Senate Democrats are trying to force a vote on a resolution to overturn a Trump administration rule, which went into effect at the beginning of this month, allowing for the expansion of short-term health insurance plans.
The joint resolution would invalidate the rule that the Trump administration finalized at the end of August to expand short-term health care plans to a year from under three months, with the option to renew twice.
Sen. Tammy Baldwin (D-Wisc.) wrote in a tweet on Oct. 9 that she had introduced a resolution that would require only 30 senators to discharge it from committee, where normally it would go before coming to the Senate floor.
There are 45 co-sponsors on the resolution, 43 Democrats and two independents, but so far no Republicans, who hold a majority in the Senate. With a total of 49 Democrats and independents on board, she’ll need the backing of at least two Republicans to send the measure to the House.
If the resolution passes in both chambers, it would invalidate the rule expanding short-term health care plans.
Baldwin’s office expects the vote to take place on Oct. 10.
Republican Sens. Lisa Murkowski (Ala.), Susan Collins (Maine), and Rand Paul (Ky.), along with the late Sen. John McCain (R-Ariz.), have all broken with their party in the past on health care reform. Last year, they effectively scuttled Republican efforts to partly repeal the Affordable Care Act (ACA), also known as Obamacare.
None of those GOP senators replied to requests by The Epoch Times for comment by the time of publication about the resolution. According to Baldwin’s office, no commitments from Murkowski and Collins have been received.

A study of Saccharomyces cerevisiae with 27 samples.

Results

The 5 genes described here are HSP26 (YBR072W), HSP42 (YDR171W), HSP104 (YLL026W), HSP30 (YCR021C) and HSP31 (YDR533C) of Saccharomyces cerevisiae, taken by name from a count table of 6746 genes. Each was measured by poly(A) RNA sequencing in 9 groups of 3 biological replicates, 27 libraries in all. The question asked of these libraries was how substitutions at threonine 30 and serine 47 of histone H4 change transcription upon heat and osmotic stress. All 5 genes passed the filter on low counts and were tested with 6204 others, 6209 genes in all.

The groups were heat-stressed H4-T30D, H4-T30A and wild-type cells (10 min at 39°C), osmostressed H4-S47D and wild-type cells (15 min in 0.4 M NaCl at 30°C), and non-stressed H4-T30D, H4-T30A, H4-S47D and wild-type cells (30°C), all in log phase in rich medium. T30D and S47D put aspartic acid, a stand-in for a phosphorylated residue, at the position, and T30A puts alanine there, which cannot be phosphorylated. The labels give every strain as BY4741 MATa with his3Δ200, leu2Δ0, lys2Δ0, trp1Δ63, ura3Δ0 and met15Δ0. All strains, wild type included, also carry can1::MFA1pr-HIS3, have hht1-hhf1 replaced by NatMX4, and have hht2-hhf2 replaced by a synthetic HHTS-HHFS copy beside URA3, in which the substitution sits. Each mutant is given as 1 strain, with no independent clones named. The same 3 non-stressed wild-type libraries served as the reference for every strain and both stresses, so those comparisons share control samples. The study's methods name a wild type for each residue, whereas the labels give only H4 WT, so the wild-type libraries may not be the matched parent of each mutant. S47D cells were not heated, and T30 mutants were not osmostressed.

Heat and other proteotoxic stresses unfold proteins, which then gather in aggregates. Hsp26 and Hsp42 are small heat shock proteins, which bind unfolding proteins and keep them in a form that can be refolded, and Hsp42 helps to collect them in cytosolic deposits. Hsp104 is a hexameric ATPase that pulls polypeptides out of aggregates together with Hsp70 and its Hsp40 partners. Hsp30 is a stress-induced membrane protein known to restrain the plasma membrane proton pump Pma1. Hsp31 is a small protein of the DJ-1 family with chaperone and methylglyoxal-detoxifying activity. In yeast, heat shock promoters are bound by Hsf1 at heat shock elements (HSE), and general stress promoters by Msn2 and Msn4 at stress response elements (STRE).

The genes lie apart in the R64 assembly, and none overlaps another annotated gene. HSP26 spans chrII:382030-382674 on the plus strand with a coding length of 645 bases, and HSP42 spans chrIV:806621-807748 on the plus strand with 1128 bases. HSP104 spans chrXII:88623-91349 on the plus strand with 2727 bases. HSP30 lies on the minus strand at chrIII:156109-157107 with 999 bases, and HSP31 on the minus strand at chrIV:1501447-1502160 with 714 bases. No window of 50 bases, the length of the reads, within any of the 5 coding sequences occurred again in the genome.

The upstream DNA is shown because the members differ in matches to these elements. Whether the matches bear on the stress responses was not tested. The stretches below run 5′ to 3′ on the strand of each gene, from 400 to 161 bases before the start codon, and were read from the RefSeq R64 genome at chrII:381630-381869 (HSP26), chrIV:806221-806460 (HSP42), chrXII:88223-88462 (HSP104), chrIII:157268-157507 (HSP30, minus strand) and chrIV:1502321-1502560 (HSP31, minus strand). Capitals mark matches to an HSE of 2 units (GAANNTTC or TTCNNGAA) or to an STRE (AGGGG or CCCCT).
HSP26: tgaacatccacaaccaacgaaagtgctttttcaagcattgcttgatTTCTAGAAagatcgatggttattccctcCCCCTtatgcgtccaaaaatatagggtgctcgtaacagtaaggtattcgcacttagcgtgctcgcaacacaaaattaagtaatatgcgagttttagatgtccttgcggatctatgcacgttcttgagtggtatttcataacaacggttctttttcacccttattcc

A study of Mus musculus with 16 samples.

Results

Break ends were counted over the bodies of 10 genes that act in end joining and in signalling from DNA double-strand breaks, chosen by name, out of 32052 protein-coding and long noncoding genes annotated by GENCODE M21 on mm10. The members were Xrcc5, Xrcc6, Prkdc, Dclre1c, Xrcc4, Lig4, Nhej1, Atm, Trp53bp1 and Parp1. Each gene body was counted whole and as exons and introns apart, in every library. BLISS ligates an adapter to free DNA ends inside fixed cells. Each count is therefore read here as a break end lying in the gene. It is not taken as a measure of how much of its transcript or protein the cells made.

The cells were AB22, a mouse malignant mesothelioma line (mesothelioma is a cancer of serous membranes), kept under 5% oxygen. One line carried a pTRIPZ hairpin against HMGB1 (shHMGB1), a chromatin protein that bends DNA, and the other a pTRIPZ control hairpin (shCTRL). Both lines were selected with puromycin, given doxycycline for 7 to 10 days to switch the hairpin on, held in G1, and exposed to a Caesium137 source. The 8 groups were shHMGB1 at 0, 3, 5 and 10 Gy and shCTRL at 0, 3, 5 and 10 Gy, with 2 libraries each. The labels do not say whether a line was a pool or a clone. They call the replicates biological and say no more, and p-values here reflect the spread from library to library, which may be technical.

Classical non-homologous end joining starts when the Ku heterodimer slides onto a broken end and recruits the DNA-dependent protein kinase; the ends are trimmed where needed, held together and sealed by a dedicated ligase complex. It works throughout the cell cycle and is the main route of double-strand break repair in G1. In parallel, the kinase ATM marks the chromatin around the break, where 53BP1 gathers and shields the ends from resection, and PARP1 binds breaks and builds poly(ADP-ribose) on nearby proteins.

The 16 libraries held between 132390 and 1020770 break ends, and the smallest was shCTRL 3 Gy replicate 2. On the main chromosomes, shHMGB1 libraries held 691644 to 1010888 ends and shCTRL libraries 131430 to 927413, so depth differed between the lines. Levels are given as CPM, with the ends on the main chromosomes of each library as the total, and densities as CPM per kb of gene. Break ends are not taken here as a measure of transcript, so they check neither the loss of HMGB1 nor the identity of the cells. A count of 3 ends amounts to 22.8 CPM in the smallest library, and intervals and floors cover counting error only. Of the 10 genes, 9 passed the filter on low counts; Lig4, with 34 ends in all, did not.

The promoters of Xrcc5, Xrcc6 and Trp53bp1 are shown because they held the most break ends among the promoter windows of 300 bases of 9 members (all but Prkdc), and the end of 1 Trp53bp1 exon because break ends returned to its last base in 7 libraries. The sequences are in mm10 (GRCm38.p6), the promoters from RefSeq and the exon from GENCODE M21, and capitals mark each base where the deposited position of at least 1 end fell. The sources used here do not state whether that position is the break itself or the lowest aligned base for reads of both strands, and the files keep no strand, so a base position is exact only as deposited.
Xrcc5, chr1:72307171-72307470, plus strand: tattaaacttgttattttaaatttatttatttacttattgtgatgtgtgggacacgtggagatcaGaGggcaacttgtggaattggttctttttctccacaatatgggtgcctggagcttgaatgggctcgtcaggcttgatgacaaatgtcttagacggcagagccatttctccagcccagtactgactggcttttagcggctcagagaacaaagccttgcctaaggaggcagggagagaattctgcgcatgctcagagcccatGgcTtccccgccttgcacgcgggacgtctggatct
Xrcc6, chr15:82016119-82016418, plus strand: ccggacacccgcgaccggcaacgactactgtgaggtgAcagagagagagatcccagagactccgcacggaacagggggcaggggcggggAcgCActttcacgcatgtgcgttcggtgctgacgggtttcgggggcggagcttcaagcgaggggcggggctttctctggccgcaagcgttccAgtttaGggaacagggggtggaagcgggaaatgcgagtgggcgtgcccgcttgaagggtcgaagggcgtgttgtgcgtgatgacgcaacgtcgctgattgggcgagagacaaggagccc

Short-term plans are meant to cover people who are facing a temporary loss of health insurance, such as with a job change or a loss of insurance for other reasons. Shortly before President Barack Obama left office, he constricted the time frame of the plans to less than three months, with no option to renew.
The Trump administration expanded the plans to up to one year, with the possibility to renew twice for a total of up to three years, to give people without health-care subsidies who are facing skyrocketing premiums an alternative. The plans don’t qualify as coverage in terms of the individual mandate, which requires U.S. citizens to have health insurance or to pay a penalty at the end of the year.
These short-term plans cost on average 80 percent less because they don’t cover as wide a variety of services as ACA-compliant plans.
Critics argue that while these plans have lower premiums, they often have higher deductibles, cover only bare essentials, and don’t cover people with pre-existing conditions, who are still covered under the ACA-compliant plans. Proponents of Obamacare also fear that the types of people who will flock to these plans are the healthiest, which the ACA relies on to offset the cost of sick people.
“Anyone who says they support coverage for people with pre-existing conditions should support this resolution to overturn the Trump administration’s expansion of junk insurance plans,” Baldwin said in a statement.
Health and Human Services Secretary Alex Azar argues that these plans are for people who must choose between spending a large portion of their income on health insurance or having no health insurance at all.
“These short-term plans can be a good option for many Americans priced out of Obamacare’s regulations—especially small-business owners, independent contractors in today’s ‘gig economy’ and younger Americans transitioning between school and employment,” he wrote in an op-ed.
The administration has gone to “significant lengths,” he said, to ensure that customers are aware of the plans’ limitations before they sign up and to get the word out that “they are not the right choice for everyone.”
“In fact, we require more robust warnings about the limits of these plans than President Barack Obama’s administration did,” he said.
The non-partisan Congressional Budget Office estimates that by 2023, 2 million more people who are currently uninsured will gain coverage through these short-term plans.